CityAge: What’s a Breakout City?
Bruce Katz: We are on the cusp of one of the most pivotal decades in the history of this country, which relies on cities actually being able to design and deliver transformative investments and initiatives.
Cities that can organize for success, set a vision, design well, plan well, move towards concrete strategies that are specific and costed out, as well as understand the ways to blend capital from the public, private, and civic sectors, are going to be quite successful. Those will be Breakout Cities.
CA: You helped make The New Localism a buzzword. Where is it today?
BK: Well, Jeremy Novak and I wrote The New Localism in the age of Populism…we're now dealing with the New Localism in the age of a pandemic. That has reinforced how much the nation state relies on the city state to deliver effectively, efficiently and equitably.
The 20th century model of someone who sits in Washington and writes a program or promulgates a rule and then everything is solved, doesn't really relate to the kind of complex challenges we face in the world.
CA: How does the New Localism impact climate change?
BK: It's not like someone at EPA is going to write a rule and, “well ah, we've dealt with climate change” is the outcome. We're going to have to change our transportation sector, we’re going to have to change the building sector, we're going to have to change behavior - it’s going to have to be fundamental, radical changes in how we live our lives and how our economy evolves. I think the New Localism has been reinforced, validated, justified, made necessary by all this, in ways that I don't think are quite understood because we wake up every day, we turn on the news and it's like, what's going on in Washington?
CA: How can cities get ready for the stimulus funding that’s coming?
BK: I think cities need to organize for success and take a look and see if we are ready. Do we have any plans around infrastructure investment that fit the post pandemic environment? Do we have any plan whatsoever about a path towards zero carbon green energy? What is the landscape of institutions and intermediaries that can help grow Black and Brown business, or equip workers with the skills they need to succeed?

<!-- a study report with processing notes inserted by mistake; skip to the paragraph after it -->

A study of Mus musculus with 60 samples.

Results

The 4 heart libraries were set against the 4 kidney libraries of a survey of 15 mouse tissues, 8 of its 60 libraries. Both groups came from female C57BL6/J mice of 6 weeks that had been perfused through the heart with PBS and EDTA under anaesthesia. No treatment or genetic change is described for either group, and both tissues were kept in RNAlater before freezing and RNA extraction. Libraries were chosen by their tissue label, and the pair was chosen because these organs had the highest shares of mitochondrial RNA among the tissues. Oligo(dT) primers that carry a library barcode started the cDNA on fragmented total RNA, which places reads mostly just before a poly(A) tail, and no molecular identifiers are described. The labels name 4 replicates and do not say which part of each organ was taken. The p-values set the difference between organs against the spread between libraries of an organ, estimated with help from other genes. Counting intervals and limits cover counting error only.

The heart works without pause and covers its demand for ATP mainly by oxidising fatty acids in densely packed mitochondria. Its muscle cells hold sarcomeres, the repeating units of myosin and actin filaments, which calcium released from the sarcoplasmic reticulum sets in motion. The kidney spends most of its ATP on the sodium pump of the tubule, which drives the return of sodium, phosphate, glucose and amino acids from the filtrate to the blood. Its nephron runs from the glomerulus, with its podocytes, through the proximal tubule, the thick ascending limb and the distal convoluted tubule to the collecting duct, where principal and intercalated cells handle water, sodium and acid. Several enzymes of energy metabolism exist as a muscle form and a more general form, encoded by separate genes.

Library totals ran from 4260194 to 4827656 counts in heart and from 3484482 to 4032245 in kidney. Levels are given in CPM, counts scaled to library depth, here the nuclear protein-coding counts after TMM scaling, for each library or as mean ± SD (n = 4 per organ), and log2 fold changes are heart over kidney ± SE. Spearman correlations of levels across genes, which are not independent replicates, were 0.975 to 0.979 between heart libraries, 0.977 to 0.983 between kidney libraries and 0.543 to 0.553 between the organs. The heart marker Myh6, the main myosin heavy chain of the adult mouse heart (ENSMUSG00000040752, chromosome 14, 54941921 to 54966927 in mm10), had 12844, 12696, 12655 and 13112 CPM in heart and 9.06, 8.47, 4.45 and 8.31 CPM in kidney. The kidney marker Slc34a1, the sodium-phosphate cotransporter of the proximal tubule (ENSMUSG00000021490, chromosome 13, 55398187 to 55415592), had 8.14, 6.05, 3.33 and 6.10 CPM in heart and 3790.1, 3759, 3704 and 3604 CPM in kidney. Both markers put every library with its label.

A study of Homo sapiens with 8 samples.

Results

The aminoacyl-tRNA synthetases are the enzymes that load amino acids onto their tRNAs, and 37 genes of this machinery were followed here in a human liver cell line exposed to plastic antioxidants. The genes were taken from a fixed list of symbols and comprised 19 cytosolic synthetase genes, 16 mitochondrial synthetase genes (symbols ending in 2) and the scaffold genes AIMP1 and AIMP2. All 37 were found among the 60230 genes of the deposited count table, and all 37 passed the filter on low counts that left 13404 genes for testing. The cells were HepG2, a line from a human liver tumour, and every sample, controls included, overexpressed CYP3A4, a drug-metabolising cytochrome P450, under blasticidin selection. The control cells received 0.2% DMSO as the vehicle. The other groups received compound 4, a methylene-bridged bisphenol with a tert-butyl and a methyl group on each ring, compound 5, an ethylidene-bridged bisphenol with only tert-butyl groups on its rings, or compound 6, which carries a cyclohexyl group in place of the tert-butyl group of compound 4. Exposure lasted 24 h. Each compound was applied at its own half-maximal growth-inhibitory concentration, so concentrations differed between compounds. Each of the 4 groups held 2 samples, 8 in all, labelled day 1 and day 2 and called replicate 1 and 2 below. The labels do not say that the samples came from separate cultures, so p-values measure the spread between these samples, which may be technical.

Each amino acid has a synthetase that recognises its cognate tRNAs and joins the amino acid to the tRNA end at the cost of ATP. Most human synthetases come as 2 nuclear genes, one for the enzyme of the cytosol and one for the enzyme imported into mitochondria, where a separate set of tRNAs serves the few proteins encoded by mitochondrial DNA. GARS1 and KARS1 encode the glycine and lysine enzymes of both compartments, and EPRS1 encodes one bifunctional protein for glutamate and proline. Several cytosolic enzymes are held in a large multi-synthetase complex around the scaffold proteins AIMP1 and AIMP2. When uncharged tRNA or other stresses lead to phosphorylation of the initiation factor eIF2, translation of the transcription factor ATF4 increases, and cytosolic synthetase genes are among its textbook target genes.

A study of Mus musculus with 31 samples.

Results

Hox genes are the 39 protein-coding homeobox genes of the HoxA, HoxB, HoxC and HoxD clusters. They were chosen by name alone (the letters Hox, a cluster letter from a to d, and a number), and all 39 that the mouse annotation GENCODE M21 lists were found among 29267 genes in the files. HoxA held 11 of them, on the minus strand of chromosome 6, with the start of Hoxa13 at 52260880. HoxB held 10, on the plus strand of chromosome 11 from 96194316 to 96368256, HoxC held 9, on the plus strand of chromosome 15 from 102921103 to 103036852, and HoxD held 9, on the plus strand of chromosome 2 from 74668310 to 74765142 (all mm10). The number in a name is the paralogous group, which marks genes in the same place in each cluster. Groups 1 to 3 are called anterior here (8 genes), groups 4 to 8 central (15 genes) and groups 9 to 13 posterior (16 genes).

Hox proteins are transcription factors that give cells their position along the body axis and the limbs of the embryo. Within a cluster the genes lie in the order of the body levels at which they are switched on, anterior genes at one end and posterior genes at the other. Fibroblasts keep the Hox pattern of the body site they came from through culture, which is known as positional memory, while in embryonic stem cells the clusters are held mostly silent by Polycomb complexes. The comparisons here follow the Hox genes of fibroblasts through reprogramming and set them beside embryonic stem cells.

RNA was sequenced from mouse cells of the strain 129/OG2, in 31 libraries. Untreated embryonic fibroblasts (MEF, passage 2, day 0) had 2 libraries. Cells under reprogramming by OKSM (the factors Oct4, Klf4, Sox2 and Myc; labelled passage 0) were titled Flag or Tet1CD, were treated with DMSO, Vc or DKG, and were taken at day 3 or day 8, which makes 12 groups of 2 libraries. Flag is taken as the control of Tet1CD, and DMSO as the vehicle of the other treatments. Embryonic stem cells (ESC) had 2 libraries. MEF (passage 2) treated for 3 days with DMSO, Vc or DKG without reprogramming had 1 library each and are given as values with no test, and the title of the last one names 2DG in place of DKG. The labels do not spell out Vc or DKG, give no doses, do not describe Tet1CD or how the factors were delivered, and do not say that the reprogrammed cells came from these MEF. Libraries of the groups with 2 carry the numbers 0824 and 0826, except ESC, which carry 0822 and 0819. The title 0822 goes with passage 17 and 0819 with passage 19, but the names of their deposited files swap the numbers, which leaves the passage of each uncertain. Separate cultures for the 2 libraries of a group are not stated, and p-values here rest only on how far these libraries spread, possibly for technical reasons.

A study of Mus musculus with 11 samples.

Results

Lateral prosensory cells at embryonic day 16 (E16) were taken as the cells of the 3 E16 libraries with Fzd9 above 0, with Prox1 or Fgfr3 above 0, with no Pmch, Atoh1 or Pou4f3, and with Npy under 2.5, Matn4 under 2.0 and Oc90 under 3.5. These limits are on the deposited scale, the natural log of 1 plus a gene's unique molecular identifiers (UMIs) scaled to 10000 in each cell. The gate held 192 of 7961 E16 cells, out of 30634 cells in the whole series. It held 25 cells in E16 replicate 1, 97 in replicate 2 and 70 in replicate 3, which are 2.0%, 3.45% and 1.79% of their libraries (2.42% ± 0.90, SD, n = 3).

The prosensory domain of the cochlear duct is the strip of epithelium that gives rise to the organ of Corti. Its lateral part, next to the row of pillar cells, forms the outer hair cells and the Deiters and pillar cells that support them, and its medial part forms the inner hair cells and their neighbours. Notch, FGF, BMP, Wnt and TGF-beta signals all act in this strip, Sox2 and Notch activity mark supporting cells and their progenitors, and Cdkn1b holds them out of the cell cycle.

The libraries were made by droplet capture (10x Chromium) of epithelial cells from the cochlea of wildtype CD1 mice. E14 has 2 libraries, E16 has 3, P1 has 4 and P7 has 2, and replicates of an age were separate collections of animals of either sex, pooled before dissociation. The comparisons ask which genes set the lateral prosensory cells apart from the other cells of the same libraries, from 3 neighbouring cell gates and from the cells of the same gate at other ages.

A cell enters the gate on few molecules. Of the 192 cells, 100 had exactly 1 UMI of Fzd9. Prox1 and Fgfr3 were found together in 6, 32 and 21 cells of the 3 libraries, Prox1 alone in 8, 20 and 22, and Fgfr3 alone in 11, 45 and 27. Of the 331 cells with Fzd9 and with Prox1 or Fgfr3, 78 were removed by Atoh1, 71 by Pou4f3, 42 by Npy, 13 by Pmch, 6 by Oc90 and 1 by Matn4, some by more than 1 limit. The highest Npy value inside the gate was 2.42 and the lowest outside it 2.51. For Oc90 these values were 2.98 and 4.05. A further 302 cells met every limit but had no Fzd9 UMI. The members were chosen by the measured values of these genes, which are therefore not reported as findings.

CA: What differences do you notice between cities that seem prepared for the funding, and those that don’t?
BK: Our focus in the New Localism is on Indianapolis and Pittsburgh, places that were really quite good at collaborating. They built organizations that were nimble, agile, able to deal with stresses and challenges as they emerged, but also able to stick to a 20-year plan. Now, these were places that were beset by crises: the collapse of the steel industry in Pittsburgh, the collapse of the core of Indianapolis. They had leaders who were just dead set to respond to these crises.
In some respects no place has a plan for everything but once you begin to set these strategic networks in motion, it becomes the gift that keeps on giving, and you can begin to adapt and apply them to other stressors in your system.
CA: Are mid-sized cities in a unique position right now?
BK: If you go to Erie, Pennsylvania today one of the most interesting things you'll see is the almost organic movement around local investors, not people residing in Philly or New York or LA or San Francisco. Local investors buy a building in the downtown, renovate it, begin to think through different companies, some tech driven companies, some amenity driven companies, to literally bring the city back.
I think some of these smaller places are actually better positioned than larger places to get their arms around the federal funding, and around the challenges and the opportunities…but there's no substitute for just getting organized…if you’re waiting for Washington to send the perfect dollars you'll be waiting for a long time.
CA: So you’re saying mayors have real power?
BK: Mayors have hard power and then they have soft power. Hard power is running Agency X or Agency Y and you try to do that as effectively, efficiently and equitably as you can. Soft power is the ability to call anyone and say, “Hey, come down to City Hall, we’ve got to talk about this…let's get everyone in the room.” Soft power is given to you by both the legitimacy of being elected by the citizens of your city, but also your personality and your ability to use it.
I think that's going to be tested now, more than hard power. The public sector in the US, at the local level, is not one thing. You have City Hall, general purpose local government, then you have the schools, convention center authority, stadium authorities, parking authorities, port authorities, airport authorities, water sewer authority. The list just goes on and on and on. The role of the Mayor is to try to bring some order and cohesion to this fragmentation.
I think the role of Mayors is even greater today, because they have to corral all that public sector power, in addition to private and civic sectors.
CA: What trends do you predict we’ll see in mid-sized cities, in the next 10 years?
BK: They've a lot more agency than they think. I feel a lot of their future is in their own hands. Capital is not the constraint anymore - we have more public and private capital than we've ever seen.
Organizing that capital is the binding constraint. Can you envision a future where there's growth, but also inclusive growth and sustainable growth? Can you unlock the innovative assets you have? Be the best 21st century version of who you are? It's not about outside forces that are going to predict what happens to you. You are going to have more effect on your future than you understand. Get organized, that’s the bottom line. I think the small and medium sized cities are as well poised to grab the moment as anyone else.